On March 10, 2020, Jamaica confirmed its first case of COVID-19. Since that day, Jamaica’s economy, in common with the rest of the world, has been reeling. The creative sector, which had begun to show many “green shoots” prior to the COVID-19 outbreak, has been particularly hard hit, but it is forging ahead thanks to novel ideas, financial support and the brave spirit of entrepreneurship.
Andrea Dempster-Chung, executive director of the non-profit Kingston Creative, who has been speaking up for the sector, told Global Voices:
It is hard to reflect on 2020 without acknowledging the severity of the blow that creative people in Jamaica have been dealt. Only the creative or entrepreneur that makes their living from events, performances, creative products or cultural tours and heritage can really understand the impact of this year financially, and even psychologically. Creatives, already societally undervalued and often working gig to gig were brought to an absolute halt.
Nevertheless, Jamaica’s ever-resilient creatives are fighting back. After the initial “shock” of the country's first lockdown, Dempster-Chung says, Kingston Creative decided to proceed with its Artisan Collective Store and its Creative Hub. Both opened in June 2020, these two new creative spaces in downtown Kingston offer everything from retail and co-working locations to digital/podcasting studios and other creative-based resources:
We […] capitalised on the quieter streets to erect scaffolding and complete larger scale murals and street art, expanding the placemaking project […] that is defining the Downtown Kingston Art District.
The Tourism Enhancement Fund and Sherwin-Williams paint company helped sponsor the artwork for the initiative, which is supported by the Kingston and St. Andrew Municipal Corporations and the Ministry of Culture, Gender, Entertainment and Sport, a First 50 Founder of UNESCO's Creative City of Music.
The non-profit’s efforts to keep Jamaica’s artists, dancers, musicians and writers afloat and producing new work received a major boost through a partnership with the Inter-American Development Bank (IDB). Dempster-Chung says this has gone a long way to helping 2021 look much brighter:
The United Nations declared 2021 the International Year of Creative Economy for Sustainable Development and the Inter-American Development Bank approved a multi-million dollar three-year partnership with Kingston Creative, called CREATECH.
This partnership with IDB Lab will deliver immersive technologies, new digital platforms and enhance global market access for [Jamaican] creatives. The programme will be delivered through the Creative Hub […] introducing new commercial and capacity-building projects to grow the ecosystem, develop creative entrepreneurs and ready them to take advantage of new opportunities.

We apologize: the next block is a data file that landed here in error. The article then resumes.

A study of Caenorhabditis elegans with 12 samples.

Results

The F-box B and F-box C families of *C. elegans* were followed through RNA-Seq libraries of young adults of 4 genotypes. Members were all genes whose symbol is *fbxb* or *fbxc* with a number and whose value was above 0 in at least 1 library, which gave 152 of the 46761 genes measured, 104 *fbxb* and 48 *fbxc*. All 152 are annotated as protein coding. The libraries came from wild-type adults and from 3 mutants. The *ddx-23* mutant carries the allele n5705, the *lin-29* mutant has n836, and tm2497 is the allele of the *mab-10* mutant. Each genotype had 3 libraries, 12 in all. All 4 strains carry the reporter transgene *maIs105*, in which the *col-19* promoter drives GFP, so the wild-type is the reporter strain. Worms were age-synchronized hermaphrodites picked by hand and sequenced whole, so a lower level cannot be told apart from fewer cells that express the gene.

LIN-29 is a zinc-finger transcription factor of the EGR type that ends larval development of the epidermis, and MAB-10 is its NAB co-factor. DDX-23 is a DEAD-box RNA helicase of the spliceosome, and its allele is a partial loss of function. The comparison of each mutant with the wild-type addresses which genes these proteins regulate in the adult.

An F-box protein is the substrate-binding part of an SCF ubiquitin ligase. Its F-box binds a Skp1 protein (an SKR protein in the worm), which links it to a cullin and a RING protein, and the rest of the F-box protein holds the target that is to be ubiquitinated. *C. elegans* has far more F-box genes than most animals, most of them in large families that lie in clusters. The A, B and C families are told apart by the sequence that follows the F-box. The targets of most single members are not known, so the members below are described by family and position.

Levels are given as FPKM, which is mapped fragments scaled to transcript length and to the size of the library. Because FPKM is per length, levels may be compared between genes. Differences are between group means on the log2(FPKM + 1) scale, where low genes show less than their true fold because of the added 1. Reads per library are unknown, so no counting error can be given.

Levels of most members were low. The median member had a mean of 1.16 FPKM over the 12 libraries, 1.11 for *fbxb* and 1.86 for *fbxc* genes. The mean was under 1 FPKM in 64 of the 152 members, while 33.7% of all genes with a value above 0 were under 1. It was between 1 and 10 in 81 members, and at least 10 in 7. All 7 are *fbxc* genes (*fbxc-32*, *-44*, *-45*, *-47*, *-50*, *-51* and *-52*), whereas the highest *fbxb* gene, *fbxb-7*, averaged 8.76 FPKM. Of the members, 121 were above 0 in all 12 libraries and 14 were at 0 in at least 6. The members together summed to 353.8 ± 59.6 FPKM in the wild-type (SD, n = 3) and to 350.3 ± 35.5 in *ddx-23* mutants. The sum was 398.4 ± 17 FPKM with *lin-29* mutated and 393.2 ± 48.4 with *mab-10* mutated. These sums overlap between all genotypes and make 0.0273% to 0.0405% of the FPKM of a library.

For a country like Jamaica, she believes, “with so much raw talent, culture and heritage,” this investment signals a great sense of hope. The murals have brought greater energy and vibrancy to downtown Kingston during the challenging times of the pandemic, and point the way to a brighter future. Check them out, along with the artists’ statements, below.
Beauty in the midst of a pandemic
“The artwork represents a masked person—the mask has been covered as a bouquet—the straps are still missing, but they can be soft and ribbon-like. I was thinking this would both bring light to the current COVID safety issues, but also introduce more beauty and floral elements that break up and refresh [the] concrete space surrounding.” – Rebecca Levy
A spirit of resilience
“A realist artist, my works emulate and dominate cultural heritage and how our ancestors overcome hardships to make independent Jamaica. This mural, through a series of bold colours, will give energy, inspiration and strength to the community of Water Lane and its environs as an expression of freedom. This woman sacrificed all her life and can now embrace happiness. The story of resilience, determination and freedom.” – Richard Smith
A tribute to ‘Toots’
“Frederick Nathaniel ‘Toots’ Hibbert was not only a pioneer of reggae but a cultural icon. He was known to be a warm person and one that took care of his people. He had a lifelong career of cultural influence that transcends [his] music. In my practice, I like to use current articles and imagery from newspapers to reflect time and its relation to the subject matter; using these articles could be a great way to highlight Toots’ legacy. Though he is no longer with us, his music and legacy will live on forever.” – Joshua Solas
A voice for children
“My design stems from my personal experience and observation as an educator. The drawing depicts children in inner-city communities who face challenging circumstances and are […] struggling with social issues such as poverty, crime, single parenting, and shrunken ability to make positive choices. It is my intent that the mural serves as a voice in request of protection and maintaining of the children’s rights and wellbeing.” – Zohria Allen
With this level of beauty and creativity imbuing Jamaica's capital, the pandemic may prove just a little easier to bear.